Lake Shore Bancorp CEO Daniel Reininga is set to resign Friday — two months earlier than planned — after an Office of the Comptroller of Currency consent order found the lender in “troubled condition,” the Dunkirk, New York-based lender said Monday in a filing with the Securities and Exchange Commission.
Jeffrey Werdein will serve as the bank’s interim principal executive officer starting Friday. Werdein has served as executive vice president of the bank’s commercial division since 2014.
A July 2022 written agreement with the OCC found “unsafe or unsound” practices at the bank, including weakness in information technology security and risk governance. The OCC ordered the bank to create a compliance committee to monitor the bank’s progress and stipulated that it meet quarterly and submit reports to the board and the OCC along that interval.
However, a Feb. 9 consent order from the OCC overrode the July agreement. The OCC, in the February order, said Lake Shore is in “substantial noncompliance” with the written agreement. Further, the agency said the bank engaged in unsafe and unsound practices, including not adhering to the rules of the Bank Secrecy Act.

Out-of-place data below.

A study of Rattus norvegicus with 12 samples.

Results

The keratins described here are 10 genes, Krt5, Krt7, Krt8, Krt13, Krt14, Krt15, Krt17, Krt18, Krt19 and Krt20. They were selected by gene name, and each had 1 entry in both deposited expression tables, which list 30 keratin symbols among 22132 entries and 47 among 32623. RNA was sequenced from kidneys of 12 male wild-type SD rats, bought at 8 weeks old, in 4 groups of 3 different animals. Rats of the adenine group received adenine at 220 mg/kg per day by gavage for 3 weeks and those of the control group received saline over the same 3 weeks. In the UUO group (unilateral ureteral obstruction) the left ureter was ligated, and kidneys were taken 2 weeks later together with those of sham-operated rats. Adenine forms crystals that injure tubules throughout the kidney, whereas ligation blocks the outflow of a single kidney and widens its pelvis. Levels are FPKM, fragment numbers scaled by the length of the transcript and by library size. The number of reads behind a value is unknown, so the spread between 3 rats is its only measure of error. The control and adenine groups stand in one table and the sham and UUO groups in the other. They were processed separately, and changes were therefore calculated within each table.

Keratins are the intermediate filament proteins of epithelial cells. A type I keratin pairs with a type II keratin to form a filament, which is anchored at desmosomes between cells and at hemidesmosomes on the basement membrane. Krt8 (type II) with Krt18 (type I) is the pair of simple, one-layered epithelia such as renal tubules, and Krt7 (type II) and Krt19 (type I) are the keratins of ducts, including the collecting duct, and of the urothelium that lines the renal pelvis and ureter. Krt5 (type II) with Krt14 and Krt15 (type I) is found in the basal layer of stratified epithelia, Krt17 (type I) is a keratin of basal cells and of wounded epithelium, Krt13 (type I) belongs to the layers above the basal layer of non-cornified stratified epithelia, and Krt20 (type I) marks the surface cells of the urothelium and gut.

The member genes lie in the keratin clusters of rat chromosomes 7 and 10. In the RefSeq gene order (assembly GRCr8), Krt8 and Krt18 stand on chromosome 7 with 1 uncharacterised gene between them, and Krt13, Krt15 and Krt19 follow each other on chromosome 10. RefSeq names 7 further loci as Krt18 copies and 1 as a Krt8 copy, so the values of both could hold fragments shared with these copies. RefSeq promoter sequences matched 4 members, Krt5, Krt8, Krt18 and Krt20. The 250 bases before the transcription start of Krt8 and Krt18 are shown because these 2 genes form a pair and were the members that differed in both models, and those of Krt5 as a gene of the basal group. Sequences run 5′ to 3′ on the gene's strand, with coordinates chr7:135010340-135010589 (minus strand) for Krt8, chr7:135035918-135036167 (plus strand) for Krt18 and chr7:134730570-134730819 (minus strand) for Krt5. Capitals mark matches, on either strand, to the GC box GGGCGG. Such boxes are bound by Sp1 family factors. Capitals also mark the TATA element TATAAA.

Lake Shore neither admitted nor denied the OCC’s findings, according to the consent order. But as part of the consent order, the bank must ensure it is led by efficient management, including the CEO. The lender also must receive the OCC’s approval before making any changes to its board or senior management team.
“I have been privileged to work with extraordinary bankers, as well as board and community members during the last 12 years,” Reininga said in a December press release announcing his intended May retirement. “I will treasure that work, but more so the relationships attached to it. And, above all, I know I am leaving the bank in capable hands as we continue to follow our mission of Putting People First.”
Lake Shore said in December it would conduct a national search for Reininga’s permanent replacement.
The bank serves western New York state with 11 branches in Chautauqua and Erie counties.
Reininga took Lake Shore’s helm in 2011 and grew its assets from $488 million to around $700 million, the bank said.
Lake Shore ceased its quarterly dividend and promised to use the capital to focus on “operational, compliance and governance deficiencies described in the order.”
The bank told the SEC of a cybersecurity breach that exposed customer personal information to hackers, in a filing in March 2022.